To Show Fukushima Crops are Safe, An Agency Made a Book Out of Rice Paper Grown There


In 2011, Japan was rocked by a nuclear disaster as its Fukushima Daiichi plant. The country was hit by a devastating earthquake and tsunami, which caused a dangerous radiation leak at the nuclear plant—contaminating about 100 square miles of farmland in one of Japan’s most important agricultural regions.

Nine years on, scientists in the region are fighting to show that crops from decontaminated land are safe to eat. Agency Serviceplan in Germany has even created a book made from rice straw paper from crops grown in the region in order to help show people that products grown on decontaminated land are safe.

To make the beautifully crafted book, rice straw was harvested, dried, cleaned, cut and crafted into paper. It was sent to selected key science, agriculture and food production decision makers, with aims to change opinions about the region.

The book presents data that the agency said shows the crops as safe and features images of people from the region, in a bid to humanize their situation and bring the scientific data to life in an easily digestible way.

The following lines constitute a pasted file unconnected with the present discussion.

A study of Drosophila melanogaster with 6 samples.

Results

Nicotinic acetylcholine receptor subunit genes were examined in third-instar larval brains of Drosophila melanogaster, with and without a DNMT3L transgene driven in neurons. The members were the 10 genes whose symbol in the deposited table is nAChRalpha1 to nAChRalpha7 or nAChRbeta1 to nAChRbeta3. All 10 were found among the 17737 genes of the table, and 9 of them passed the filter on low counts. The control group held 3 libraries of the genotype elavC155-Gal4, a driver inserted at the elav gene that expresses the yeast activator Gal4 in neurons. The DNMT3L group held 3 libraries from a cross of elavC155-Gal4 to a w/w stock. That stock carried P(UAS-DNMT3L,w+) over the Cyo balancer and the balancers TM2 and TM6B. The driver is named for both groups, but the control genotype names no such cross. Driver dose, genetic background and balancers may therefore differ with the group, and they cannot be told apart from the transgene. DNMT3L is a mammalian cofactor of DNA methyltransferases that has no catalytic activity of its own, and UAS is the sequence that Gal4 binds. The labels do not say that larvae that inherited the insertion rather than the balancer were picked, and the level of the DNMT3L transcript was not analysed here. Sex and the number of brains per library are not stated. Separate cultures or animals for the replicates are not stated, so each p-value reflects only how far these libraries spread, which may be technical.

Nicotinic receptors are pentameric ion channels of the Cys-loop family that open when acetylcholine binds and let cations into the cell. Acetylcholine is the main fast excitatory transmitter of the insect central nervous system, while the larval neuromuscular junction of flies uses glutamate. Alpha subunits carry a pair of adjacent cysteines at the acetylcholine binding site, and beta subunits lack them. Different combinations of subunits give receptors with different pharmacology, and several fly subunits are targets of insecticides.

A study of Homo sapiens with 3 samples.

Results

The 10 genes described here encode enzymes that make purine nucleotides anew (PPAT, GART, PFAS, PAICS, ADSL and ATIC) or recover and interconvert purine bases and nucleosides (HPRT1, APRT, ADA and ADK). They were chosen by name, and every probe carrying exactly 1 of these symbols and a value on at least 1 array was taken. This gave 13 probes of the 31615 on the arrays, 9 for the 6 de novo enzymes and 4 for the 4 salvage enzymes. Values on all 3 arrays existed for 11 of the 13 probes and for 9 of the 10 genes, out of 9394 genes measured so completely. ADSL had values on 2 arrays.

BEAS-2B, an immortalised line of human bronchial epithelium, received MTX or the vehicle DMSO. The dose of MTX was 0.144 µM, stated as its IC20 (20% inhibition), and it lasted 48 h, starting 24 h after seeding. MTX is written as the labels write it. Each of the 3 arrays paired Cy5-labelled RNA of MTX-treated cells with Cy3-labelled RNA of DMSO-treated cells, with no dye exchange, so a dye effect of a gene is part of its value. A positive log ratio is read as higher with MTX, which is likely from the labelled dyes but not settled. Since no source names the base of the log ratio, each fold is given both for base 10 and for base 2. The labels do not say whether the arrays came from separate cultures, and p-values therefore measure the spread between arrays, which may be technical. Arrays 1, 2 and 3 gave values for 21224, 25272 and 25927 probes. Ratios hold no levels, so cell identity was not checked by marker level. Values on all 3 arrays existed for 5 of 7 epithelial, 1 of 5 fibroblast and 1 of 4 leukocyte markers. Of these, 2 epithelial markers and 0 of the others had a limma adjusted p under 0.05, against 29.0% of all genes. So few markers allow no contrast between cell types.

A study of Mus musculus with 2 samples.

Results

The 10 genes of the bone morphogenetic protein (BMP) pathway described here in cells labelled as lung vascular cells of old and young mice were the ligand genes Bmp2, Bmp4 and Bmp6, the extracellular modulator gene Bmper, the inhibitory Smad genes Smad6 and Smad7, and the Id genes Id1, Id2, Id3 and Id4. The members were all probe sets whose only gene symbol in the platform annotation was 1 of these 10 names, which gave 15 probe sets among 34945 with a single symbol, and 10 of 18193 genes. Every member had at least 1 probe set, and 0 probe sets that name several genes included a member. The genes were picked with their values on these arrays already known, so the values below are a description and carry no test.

The work for Meter Group–a US-German manufacturer of sensors used in agriculture and environmental science—aims to “reinstate trust in the agricultural industry in Fukushima,” the agency said. Following the 2011 nuclear disaster, Meter Group has worked with the University of Tokyo to devise a way of decontaminating the farmland.

However, the book’s creators say, consumers and buyers continue to shun the produce, concerned about contamination.

“The researchers identified the problem that no one really understands the depth of the data and the effectiveness of their work,” said Alexander Schill, global CCO of Serviceplan. “We turned this abstract data into something that’s visually appealing but also easy to understand.”

A limited number of the books are being sold in select stores, with proceeds going to the affected region. Serviceplan Solutions worked with Moby Digg on the design and Nick Frank on the photography.